DUBLIN: Spain likely faces a period of political uncertainty following national polls at the end of this month with parties both to the left and right falling short of an overall majority, the latest opinion polls suggest.
But the outgoing Socialists, led by Pedro Sanchez who called the general election for April 28 following the defeat of his minority government’s budget in February, do have a slight edge.
Pollsters suggest that the Socialists have around 27 per cent of the vote — enough to win 122 seats in the 350-seal lower Chamber of Deputies.
Those same polls give Podemos enough support to claim 40 seats — putting the left-leaning bloc at 162 seats — close to the 176 seats for an overall majority, but short enough to lead to a period of political jockeying.
On the right, it’s the same story.
Polls give the conservative People’s Party (PP) along with Ciudadanos and the far-right anti-immigrant Vox roughly 162 votes too — a dead heat, ensuring that both blocs will be courting the regional parties for support.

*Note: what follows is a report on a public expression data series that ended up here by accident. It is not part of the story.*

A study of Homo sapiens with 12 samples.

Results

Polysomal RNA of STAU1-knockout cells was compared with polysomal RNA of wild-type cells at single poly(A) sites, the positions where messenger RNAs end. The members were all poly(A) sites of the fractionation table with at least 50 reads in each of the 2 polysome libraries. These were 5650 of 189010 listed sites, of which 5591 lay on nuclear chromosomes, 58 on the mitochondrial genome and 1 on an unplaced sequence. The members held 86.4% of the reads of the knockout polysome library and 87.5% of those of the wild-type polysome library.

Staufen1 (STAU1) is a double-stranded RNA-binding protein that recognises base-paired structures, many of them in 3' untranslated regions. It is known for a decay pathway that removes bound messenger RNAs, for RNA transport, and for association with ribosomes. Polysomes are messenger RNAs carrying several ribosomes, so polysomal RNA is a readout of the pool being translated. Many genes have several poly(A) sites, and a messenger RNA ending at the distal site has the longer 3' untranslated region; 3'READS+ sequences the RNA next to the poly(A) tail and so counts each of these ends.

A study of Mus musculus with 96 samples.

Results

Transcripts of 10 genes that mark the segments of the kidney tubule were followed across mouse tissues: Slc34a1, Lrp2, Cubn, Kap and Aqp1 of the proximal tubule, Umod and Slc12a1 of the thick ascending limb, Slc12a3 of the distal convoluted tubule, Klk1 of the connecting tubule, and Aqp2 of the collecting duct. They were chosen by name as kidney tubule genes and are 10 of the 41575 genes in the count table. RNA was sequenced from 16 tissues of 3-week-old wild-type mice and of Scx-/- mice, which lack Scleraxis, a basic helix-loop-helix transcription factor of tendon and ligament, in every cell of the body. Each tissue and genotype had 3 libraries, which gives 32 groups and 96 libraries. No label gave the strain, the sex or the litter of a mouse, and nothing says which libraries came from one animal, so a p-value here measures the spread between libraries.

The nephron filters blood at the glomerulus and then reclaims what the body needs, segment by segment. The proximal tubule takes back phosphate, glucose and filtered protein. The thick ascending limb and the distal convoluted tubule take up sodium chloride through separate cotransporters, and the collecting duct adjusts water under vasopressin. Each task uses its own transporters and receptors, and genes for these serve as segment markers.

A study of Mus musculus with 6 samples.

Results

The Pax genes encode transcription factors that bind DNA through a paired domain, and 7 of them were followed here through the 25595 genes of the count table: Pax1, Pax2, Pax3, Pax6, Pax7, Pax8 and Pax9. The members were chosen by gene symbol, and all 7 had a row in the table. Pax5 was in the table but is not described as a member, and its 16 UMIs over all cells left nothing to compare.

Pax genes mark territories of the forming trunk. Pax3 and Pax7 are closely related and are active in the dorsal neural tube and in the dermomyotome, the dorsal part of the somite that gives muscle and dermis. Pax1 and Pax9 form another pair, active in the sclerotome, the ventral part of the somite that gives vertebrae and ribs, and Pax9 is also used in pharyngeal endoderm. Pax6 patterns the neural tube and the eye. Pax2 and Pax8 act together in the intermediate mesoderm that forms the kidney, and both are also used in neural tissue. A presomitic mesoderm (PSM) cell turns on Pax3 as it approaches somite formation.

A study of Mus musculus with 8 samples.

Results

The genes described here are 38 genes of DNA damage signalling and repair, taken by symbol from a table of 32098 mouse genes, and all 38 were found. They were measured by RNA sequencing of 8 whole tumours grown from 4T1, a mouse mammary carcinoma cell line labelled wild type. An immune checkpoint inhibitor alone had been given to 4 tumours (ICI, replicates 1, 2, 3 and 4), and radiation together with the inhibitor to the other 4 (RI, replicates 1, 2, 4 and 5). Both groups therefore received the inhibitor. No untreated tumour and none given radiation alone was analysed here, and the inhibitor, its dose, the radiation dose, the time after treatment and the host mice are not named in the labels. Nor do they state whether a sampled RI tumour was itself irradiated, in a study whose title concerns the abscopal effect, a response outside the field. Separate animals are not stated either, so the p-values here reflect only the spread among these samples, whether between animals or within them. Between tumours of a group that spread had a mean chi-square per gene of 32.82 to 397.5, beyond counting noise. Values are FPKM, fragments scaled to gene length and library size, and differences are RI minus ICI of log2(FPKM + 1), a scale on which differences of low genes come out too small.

Deputies from the Basque regional party and Catalonian lawmakers initially backed Sanchez to topple former Prime Minister Mariano Rajoy and his PP government in a confidence motion last June, and their new deputies will be key to forming the next government.
Catalan separatists will also be key critical when it comes to deciding who will be the next Prime Minister. But with elements of their political leaders facing a sedition trial and with Sanchez unwilling to give ground on the case for Catalan independence or for greater powers to the region, the separatists will be loathe to support a centre-right coalition that includes the PP — who were responsible for declaring the October 2017 referendum illegal, and taking tough measures to prevent that vote from happening.
Polls put PP support at 19.3 per cent, Ciudadanos at 17.7 per cent, and Vox at 10.2 per cent. Podemos support is hovering at the 12.3 per cent level, polls show.